By Kelly Davis, Director of Peer Advocacy, Supports, and Services at Mental Health America
A new report from the Centers for Disease Control and Prevention (CDC) shows a horrifying trend in youth and young adult mental health in the United States. Between 2007-2017, suicides among people ages 10-24 increased by 56 percent. These are not just numbers, but lives lost and families and communities forever changed. As a young person who survived multiple suicide attempts, I believe that I and other young people and attempt survivors have invaluable perspectives on how to address this complicated and growing issue.
It is clear that what we are doing is not working. Research to determine the causes of the increases in suicide and the process of expanding the behavioral health workforce to increase access to traditional services will take significant time. And while crisis resources like the National Suicide Prevention Lifeline and the Crisis Text Line are helpful and important, relying on crisis services alone is both ineffective and unacceptable.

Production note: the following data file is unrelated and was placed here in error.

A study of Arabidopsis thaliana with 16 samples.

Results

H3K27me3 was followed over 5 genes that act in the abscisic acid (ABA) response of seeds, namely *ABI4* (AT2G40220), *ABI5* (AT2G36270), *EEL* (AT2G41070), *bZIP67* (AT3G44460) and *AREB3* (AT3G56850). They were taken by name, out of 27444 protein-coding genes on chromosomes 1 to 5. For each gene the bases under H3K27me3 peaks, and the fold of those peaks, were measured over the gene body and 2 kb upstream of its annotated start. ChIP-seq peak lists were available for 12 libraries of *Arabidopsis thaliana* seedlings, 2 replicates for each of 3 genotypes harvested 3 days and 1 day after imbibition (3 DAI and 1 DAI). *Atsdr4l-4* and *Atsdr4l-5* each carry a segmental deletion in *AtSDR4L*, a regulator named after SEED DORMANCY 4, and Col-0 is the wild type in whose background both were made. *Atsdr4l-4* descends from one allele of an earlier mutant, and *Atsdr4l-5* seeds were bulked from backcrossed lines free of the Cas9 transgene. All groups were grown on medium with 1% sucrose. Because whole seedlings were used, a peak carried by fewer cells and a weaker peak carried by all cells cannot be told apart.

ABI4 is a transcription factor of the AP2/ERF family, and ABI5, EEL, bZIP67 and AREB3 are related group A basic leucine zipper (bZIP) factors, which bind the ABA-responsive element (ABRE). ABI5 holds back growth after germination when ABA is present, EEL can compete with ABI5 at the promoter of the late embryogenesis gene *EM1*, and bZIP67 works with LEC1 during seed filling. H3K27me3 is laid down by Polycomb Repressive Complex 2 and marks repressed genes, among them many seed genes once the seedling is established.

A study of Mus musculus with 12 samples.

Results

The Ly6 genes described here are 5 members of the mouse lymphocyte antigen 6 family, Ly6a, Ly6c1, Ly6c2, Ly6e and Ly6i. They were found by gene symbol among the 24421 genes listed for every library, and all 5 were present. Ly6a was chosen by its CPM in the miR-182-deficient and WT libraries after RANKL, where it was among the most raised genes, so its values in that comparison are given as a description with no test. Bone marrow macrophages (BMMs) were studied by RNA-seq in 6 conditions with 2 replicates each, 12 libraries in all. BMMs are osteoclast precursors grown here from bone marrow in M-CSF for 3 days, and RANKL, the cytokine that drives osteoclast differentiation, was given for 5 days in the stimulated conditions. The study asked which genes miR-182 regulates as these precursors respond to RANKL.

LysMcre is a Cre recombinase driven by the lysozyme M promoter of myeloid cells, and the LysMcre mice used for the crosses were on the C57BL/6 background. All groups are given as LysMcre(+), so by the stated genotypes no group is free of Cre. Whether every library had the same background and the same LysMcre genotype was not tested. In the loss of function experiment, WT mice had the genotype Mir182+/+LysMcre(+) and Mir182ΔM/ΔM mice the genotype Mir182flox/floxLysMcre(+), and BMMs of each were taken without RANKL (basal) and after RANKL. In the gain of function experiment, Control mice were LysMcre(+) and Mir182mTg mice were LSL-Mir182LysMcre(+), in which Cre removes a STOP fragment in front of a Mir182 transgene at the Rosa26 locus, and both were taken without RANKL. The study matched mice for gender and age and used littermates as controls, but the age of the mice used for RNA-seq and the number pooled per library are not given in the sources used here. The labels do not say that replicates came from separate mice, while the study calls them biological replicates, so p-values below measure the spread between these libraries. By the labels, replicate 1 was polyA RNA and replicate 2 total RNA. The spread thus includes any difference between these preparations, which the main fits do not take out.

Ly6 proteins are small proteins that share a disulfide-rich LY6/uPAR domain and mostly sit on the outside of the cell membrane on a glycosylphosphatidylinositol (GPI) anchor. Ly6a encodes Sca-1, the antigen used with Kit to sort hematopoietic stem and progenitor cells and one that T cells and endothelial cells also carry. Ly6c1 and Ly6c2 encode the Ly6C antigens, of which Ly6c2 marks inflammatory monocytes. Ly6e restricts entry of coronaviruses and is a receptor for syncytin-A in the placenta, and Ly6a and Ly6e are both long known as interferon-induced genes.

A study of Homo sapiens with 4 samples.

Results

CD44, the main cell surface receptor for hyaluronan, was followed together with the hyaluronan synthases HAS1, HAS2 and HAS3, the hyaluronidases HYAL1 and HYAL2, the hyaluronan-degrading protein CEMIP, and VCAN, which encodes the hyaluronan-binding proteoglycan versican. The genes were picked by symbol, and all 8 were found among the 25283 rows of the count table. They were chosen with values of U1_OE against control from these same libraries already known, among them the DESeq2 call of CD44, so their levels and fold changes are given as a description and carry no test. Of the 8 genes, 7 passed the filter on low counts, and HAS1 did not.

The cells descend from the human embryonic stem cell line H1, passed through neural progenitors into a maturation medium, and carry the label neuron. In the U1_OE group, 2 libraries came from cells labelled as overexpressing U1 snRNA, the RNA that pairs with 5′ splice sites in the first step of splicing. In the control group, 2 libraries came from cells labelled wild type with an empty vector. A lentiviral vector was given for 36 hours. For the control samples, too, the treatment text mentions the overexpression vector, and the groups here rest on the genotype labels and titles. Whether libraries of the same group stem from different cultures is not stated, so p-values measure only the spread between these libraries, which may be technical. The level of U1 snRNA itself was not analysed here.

We need understanding, but we also need mobilized communities and young people. We cannot continue to think about suicide as a single person’s problem but as a way for us to reflect not only in how we talk as communities but the structures that we build to support one another.
The world is different than it has ever been before. Few of those developing, researching, and implementing initiatives have grown up under the rapid change we are experiencing. Public dialogue is a good start, but building peer support, community leadership, and open access to mental health tools, in addition to broader social action to address things like discrimination, is essential.
If we want to address youth suicide, we have to be committed to not just stopping deaths but improving lives and building a world that people want to stay in. Given the immediacy of the problem and the ineffectiveness of the present solutions, it is time to let the people closest to the pain lead.
Whether it is mobile apps, campus-based programs for college students, or community-based organizations for teens and young adults, attempt survivors and young people with lived experience are already building a better world for their peers. For us, it is life or death, and the earlier we support people the better they will be for the rest of their lives. It is time for those in positions of power and leadership to listen to and support these ideas. We do not have time to wait.